Botswana belongs to elephants, Batswana just live in it. That is the view of thousands of Batswana rural folks who have to pay with blood sweat and tears against these pachyderms which are eating them out of house and home.
Botswana has for many years defaulted on its elephant conservation plan resulting in the country’s elephant population outstripping carrying capacity by 200 percent. And now there is the devil to pay. Director of University of Botswana Okavango Research Centre Professor Joseph Mbaiwa feels there is need to reduce the number of elephants in Botswana. He suggested that “we should have a solution since these elephants are becoming a problem. It is either we donate or sell them to other countries.” He bemoaned that Botswana no longer has an elephant management plan which could guide the country on how to address the elephant population. Mbaiwa pointed out that the country elephant management which was drafted in 1991 indicated that Botswana should have 50 000 elephants. “It seems like that elephant management plan is no longer in use which makes it difficult to manage elephant which stands around 150 000,” said Mbaiwa.
He said the country has never had capable individuals who could convince organizations such as Conservation on International Trade in Endangered Species of Wild Fauna and Flora to reduce the numbers of elephants.
Government spends at least P10 million a year compensating farmers whose livelihoods have been destroyed by elephants while scores of residents living close to the tuskers are paying with their lives.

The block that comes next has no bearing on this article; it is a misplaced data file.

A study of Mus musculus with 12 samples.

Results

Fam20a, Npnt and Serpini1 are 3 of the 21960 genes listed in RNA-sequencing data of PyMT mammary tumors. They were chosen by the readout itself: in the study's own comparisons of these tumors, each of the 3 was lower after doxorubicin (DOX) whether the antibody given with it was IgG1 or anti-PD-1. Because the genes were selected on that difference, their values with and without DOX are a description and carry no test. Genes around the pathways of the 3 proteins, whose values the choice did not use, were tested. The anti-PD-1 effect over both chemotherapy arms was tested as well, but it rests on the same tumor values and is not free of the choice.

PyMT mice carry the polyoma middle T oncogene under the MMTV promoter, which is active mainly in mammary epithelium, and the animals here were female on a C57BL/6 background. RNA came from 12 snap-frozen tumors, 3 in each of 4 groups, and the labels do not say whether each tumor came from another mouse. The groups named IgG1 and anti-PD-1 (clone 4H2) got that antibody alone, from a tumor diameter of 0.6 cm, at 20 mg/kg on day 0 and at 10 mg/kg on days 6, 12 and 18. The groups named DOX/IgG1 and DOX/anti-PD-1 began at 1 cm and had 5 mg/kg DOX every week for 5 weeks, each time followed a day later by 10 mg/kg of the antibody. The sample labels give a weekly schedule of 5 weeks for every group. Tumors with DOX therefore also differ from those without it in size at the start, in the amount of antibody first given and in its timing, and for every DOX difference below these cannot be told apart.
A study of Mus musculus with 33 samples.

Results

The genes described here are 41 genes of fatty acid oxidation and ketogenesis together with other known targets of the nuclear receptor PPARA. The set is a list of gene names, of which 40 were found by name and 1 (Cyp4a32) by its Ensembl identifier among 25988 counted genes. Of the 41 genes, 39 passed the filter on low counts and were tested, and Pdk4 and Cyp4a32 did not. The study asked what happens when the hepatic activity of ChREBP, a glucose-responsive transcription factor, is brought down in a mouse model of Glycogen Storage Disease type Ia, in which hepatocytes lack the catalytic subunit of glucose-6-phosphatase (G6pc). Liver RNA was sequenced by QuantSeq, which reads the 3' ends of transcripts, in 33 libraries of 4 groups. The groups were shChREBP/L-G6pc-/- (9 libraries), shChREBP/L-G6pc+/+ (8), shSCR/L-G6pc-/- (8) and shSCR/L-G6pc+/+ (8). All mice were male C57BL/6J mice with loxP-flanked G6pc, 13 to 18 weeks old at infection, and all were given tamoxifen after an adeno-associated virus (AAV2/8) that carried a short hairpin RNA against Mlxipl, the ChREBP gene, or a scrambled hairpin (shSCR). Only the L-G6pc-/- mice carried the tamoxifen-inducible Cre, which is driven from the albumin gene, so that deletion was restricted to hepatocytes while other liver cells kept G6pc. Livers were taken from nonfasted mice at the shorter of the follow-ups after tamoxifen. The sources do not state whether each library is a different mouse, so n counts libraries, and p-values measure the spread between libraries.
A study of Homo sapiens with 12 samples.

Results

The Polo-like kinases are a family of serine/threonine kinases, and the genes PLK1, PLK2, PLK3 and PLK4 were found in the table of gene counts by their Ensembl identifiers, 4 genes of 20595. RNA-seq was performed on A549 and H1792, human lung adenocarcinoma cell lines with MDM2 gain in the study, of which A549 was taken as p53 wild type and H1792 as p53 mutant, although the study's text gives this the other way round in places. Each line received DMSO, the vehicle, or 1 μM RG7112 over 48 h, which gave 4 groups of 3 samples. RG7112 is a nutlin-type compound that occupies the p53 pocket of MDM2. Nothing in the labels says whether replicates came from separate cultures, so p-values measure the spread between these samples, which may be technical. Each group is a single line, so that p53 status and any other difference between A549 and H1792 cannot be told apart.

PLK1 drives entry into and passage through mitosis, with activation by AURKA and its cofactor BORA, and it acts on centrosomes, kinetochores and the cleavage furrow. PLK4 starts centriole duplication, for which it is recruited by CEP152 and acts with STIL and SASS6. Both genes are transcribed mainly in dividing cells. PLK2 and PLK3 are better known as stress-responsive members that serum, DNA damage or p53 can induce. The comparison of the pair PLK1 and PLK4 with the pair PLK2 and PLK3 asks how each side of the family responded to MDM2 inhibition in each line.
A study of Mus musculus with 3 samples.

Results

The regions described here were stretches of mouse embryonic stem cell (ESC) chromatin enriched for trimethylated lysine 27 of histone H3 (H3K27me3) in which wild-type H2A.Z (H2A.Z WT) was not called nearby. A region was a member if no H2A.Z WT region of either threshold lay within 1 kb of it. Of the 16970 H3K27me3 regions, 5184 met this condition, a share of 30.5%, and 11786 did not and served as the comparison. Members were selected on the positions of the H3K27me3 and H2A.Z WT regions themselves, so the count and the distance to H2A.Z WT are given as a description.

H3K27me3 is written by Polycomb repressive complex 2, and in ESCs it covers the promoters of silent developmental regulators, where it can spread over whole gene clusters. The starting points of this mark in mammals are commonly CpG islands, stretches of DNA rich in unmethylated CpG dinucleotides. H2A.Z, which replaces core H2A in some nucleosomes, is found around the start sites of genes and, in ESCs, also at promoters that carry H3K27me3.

With a population of 2,25 million and an elephant population of 150 000, there is at least one elephant for every two hundred Batswana, but these mammoths take up more space that would two hundred Batswana and herein lies the problem. The elephants however are concentrated in the less populated rural areas of Botswana where the human to elephant ration drops to about one to ten and in the battle for survival of the fittest these huge beasts are no match for rural folks.
Government has indicated that compensation to famers whose farms are being destroyed by farmers is bleeding public coffers and unsustainable.
The Department of Wildlife and National Parks has not been able to keep up with the growing claims from farmers and is currently still trying to pay claims lodged in 2016.
Environment, Wildlife and Tourism Ministry, Spokesperson Boikhutso Mashona says in the past four years the claims lodged by farmers have built up to P50, 3 million.
“It has overstretched the department’s resources as indicated by the backlog. For example in Maun they are dispatching 2016 compensation claims,” said Mashona. He said elephants contributed to damage to property in Ngamiland, Chobe, Boteti and Bobirwa areas due to an increase in their population.
Mashona further noted that other areas where elephants continue to be a menace to farmers are Maun, Okavango, Chobe, Boteti, Bobirwa, Tutume, and Nata/Gweta.
He indicated that currently the government has paid farmers out P1 900 000 to Chobe farmers P600 000 to Kgalagadi District P10 million to the Central District and P 500 000 to Ngamiland District.
He indicated that since 2015 eleven people have been killed by elephants.
“Unfortunately there were 22 people who were killed by wildlife since 2015 and elephants accounted for 11 deaths followed by hippos with 7 while the rest were killed by buffalos, crocodiles and lions,” said Mashona.